A recent study commissioned by the Manufacturers Alliance/MAPI and the National Association of Manufacturers (NAM) reveals that U.S. manufacturers are facing an "escalating cost crisis" due to a structural cost disadvantage compared with nine major U.S. trading partners: Canada, China, France, Germany, Japan, Mexico, South Korea, Taiwan and the United Kingdom. Structural costs for U.S. manufacturers are averaging 31.7% higher than comparable costs in those other countries. What is particularly alarming, according to the study, is that these costs have jumped by 9.3% in just three years.
So what exactly are structural costs, and what can U.S. manufacturers do to reduce them? Basically, these are external, non-production costs outside a manufacturer's direct control, which include corporate taxes, employee health care and pension benefits, regulatory compliance (i.e., pollution abatement), natural gas prices, and legal costs. And according to economist Jeremy Leonard, who conducted the study, because of these escalating costs, "fewer new manufacturing jobs have been created and less [money] is available to invest in research and development and worker training."
Solutions to these problems, Leonard proposes, will require government policies friendly to manufacturers' needs. For instance, the steady increase in the price of natural gas in the U.S. "is purely the result of policy decisions that have limited development of domestic reserves and Clean Air Act mandates that have increased demand." The best thing manufacturers can do to control structural costs, he suggests, is to elect policy makers who will carry through on legislation beneficial to manufacturing.
See Chain Reactions: David Blanchard's new blog about supply chain management.
Based on NAM's analysis of which members of Congress are most supportive of manufacturing in America, however, it's not only possible but likely that roughly half of Congress sees things a bit differently. NAM recently recognized 126 Congress members for having a perfect 100% voting record on votes vital to NAM's pro-growth manufacturing agenda. Exactly 126 of them are Republicans. And of the 276 members who voted "pro-manufacturing" at least 70% of the time, a mere seven (six representatives and one senator) are Democrats.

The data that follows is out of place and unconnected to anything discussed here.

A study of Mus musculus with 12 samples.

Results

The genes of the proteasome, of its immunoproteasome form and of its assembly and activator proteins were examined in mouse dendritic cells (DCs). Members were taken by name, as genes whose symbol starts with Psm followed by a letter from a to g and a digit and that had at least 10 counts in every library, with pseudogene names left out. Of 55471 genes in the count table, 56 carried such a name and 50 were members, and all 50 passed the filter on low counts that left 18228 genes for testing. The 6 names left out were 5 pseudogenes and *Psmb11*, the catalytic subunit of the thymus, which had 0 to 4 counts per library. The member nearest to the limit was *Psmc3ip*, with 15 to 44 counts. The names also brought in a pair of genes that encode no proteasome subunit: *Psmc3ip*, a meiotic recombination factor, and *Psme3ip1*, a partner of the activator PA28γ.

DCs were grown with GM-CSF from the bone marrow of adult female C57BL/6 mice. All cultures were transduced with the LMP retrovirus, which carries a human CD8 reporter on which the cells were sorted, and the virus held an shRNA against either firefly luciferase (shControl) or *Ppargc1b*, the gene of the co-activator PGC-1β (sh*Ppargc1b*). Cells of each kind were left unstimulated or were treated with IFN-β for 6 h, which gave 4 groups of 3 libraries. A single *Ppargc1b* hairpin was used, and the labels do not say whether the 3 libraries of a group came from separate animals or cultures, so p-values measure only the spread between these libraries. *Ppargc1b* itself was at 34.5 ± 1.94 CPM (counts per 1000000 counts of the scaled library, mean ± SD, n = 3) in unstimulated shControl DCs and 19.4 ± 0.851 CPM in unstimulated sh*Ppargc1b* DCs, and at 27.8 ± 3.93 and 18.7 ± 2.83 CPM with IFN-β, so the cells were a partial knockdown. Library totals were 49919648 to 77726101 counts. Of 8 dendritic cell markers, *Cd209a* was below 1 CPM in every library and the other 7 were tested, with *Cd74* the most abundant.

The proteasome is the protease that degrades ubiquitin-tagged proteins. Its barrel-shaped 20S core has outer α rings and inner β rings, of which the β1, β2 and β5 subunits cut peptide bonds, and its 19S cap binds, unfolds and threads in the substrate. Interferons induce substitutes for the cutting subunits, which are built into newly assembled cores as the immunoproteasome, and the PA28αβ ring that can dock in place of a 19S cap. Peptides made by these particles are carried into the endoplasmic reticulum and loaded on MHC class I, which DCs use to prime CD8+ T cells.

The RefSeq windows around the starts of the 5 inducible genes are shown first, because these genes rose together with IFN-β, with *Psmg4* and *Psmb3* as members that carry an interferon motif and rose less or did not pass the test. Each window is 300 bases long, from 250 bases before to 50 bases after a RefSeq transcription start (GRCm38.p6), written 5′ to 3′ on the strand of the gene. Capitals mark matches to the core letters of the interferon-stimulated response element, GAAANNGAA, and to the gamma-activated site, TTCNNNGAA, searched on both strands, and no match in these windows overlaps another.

Bear in mind, though, that it's a bit of a reach to presume that those who did not vote with the NAM bloc are "anti-manufacturing." I'm not aware of any politician who has openly stated, "I am against manufacturing and all it stands for." So perhaps "pro-manufacturing" has more than one interpretation. Indeed, the perception that the traditionally pro-business Republicans have been asleep at the wheel while China has emerged as a significant competitor has left many voters ambivalent as to whether either political party is truly watching out for the U.S. manufacturing industry.
In any event, the decision on which candidates will best represent manufacturing's interests is now yours. See you at the voting booth.
David Blanchard is IW's editor-in-chief. He is based in Cleveland. Also see Chain Reaction: David Blanchard's new blog about supply chain management.